Gary Lehmann - Author

Author's Publications and Upcoming Appearances

Friday, August 08, 2008

Some New Poems

War of Words

Gary Lehmann

We invade Iraq unilaterally.
We disgrace Iraq politically.
We wreck Iraq economically.
We stack Iraq democratically.
We rumble Iraq systematically.
We ruin peace constitutionally.

we lack the knack to exit Iraq

The Trouble With Kids Today

Gary Lehmann

The Strokes family lived in a kind of heaven for decades
supported by breaking into houses and stealing appliances.
The trick was moderation. Break in. Steal appliances. Period.
They’d walk right by a Picasso to pick up a nice toaster oven.

Then they’d rush off to a truck stop on the highway where
a waiting appliance dealer gave them a few bucks for a frigidaire.
Before the homeowner got back from work, the goods were
gone -- headed out for parts unknown -- even by the Strokes.

It was a clean business. No big scores. Just nice steady income.
They never carried guns or burgled when anyone was home.
Some fool might get nervous and do something stupid.
Grandpa Strokes was quite strict about violence. No sense in it.

Of course, any rooky detective could tell a Strokes job immediately,
and they did catch members of the family from time to time.
But what do you get for stealing a refrigerator -- 90 days?
No hard time and your job is waiting for you when you get out.

The deputies at the jail treated the Strokes family like their family,
like regular customers, and the Strokes family returned the favor.
Every Thanksgiving, there’d be some Strokes in stir, so they brought
turkey dinners to the jail with extra plates piled high for the guards.

What’s the harm in that in the season of family togetherness?
But the dream fell apart for the gang after Grandpa Strokes died.
The kids started taking diamond rings, trophies and season tickets.
Pretty soon it was the penitentiary for the Strokes clan.

Really, the story of the Strokes family is the story of America.
They had a good thing precisely because they kept it simple.
When the kids took over, they got greedy. Grandpa Strokes knew.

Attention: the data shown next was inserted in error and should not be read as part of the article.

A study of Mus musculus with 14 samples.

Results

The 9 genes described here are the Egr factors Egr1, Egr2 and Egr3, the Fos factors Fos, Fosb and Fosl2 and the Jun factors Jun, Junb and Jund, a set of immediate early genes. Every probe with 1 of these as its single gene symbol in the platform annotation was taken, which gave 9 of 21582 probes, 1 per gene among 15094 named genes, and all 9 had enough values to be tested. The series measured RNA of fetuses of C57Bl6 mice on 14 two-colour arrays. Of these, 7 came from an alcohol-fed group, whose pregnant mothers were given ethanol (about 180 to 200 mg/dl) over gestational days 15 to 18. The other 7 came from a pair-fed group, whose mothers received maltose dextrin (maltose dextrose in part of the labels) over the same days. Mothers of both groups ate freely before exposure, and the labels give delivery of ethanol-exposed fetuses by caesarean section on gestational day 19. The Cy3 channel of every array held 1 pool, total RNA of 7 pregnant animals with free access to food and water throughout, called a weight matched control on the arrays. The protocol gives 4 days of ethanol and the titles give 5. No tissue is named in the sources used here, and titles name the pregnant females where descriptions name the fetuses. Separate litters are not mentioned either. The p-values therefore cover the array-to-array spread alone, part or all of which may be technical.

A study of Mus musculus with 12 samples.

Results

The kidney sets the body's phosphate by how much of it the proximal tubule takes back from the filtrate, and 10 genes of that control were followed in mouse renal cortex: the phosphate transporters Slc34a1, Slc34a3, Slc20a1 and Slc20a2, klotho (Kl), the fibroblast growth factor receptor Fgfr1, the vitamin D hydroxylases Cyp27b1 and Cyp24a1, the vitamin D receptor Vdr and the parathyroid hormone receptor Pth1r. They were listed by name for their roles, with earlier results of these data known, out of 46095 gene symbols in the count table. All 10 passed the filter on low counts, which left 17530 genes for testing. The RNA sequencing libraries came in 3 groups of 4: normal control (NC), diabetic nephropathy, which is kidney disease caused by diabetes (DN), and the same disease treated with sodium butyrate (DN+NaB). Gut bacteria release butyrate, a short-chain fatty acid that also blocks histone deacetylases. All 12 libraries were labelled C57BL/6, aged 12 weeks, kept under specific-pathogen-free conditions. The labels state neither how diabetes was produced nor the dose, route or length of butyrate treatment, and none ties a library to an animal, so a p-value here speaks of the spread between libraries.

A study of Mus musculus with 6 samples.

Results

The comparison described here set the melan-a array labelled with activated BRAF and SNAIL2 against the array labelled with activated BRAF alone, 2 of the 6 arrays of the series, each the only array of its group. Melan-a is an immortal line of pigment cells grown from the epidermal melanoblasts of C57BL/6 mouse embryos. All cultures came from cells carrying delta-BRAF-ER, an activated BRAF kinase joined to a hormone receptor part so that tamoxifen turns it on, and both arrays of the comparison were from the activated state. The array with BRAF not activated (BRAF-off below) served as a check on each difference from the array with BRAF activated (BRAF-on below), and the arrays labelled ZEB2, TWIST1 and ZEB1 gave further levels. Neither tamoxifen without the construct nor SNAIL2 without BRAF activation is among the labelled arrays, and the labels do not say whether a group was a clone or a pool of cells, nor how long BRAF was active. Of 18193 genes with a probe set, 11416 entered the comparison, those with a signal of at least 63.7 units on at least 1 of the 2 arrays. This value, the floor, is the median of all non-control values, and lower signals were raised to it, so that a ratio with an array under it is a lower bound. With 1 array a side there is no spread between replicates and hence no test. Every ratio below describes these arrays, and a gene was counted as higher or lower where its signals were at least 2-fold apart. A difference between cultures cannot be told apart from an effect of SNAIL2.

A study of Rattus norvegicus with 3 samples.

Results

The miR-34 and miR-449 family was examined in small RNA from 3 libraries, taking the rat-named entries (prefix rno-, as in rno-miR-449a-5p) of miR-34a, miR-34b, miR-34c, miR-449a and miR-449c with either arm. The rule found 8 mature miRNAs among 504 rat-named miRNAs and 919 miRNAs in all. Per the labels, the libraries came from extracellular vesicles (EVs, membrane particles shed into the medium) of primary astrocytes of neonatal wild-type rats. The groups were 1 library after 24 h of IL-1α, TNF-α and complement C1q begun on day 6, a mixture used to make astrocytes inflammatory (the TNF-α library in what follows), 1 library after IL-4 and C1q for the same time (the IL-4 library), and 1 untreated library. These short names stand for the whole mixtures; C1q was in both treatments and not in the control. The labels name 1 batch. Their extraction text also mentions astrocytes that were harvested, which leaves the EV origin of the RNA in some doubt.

Steal in moderation. Best to do business the All-American Way.

At Home with the Family

Gary Lehmann

Somewhere in the wilds of upstate New York,
Joel Kopp lives with his children,

the Radiator Kid, Scrapasaurus and
Iron Minnie, the Queen of the Junkyard.

Tractor and mower parts combine with shovels
and radiators to create fantasy creations.

What else is there to do with broken axes
and shovel blades, kettles, rakes and hoes?

In his private moments, Joel talks with his animals
and let’s them play in the yard.

"I come across something,” Joel explains,
“and I can see it as the beginning of a certain creature.”

“It grows from there." Just like that!
The Arbus Twins, Big Face, Shelly the snail.

There’s whimsy in his fancy,
a mischevous twinkle in his eye.

Half the fun is in naming each one.
Joel is one happy man.

Beach Photographer

Gary Lehmann

The sand skitters with heat.
Little to do but bake until

a beach photographer sets up his gear
marrying photoed faces with crazy backgrounds.

The sweet young girl gets a cowgirl outfit.
The sunburned lawyer finds a Charles Atlas body.

Four teen friends see themselves doing the Hula.
The bearded man shows up on a wanted poster.

There’s some psychology in this game
bringing the inner and outer character together.

How we judge faces. One tiny hint.
How we shape lives. A world of assumptions.

The Stumble at the Gate

Gary Lehmann

Even a horse race isn’t a horse race
if you can comprehend the imponderables.

There’s the horse, the jockey, the track,
the trainer, the weather, and the post position.

Grasp all these and the game is yours,
The whole racing world is yours to command.

Trouble is, while you think you’re in control,
the imponderables ponder on despite you.

The best horse stumbles at the gate.
The clouds open up wetting your dry horse.

Life is like a horserace all right. Only it’s the
imponderables that are racing and you’re the purse.

Eminently Victorian

Gary Lehmann

When the homosexual writer, Lytton Strachey,
took up with the virgin painter, Dora Carrington,
they created an oddly mismatched couple.

He was all sticks and stones; she all fur.
They were totally incompatible sexually.
He chased boys; she painted but did not show.

Carrington was afraid of sex, hid away in her art,
but Lytton’s docility brought out her protective nature.
She painted his rooms like the Garden of Eden.

He wrote Eminent Victorians throwing
conventional biography a new, personal twist.
She eventually had a few casual affairs of her own.

But she always cared most for her Lytton.
Eventually, she married a returning war veteran,
and all three lived together in a cottage in Wiltshire.

The painter pursued the writer who rejected her;
The writer pursued the soldier who rejected him;
The soldier pursued the painter who rejected him.

On the surface, they got along swimmingly,
each reinforced the other in this queer harmony,
but beneath that, they knew it couldn’t last.

Strachey died of undiagnosed stomach cancer.
Carrington followed taking her own life with a shotgun.
The soldier wandered off into the mist between the wars.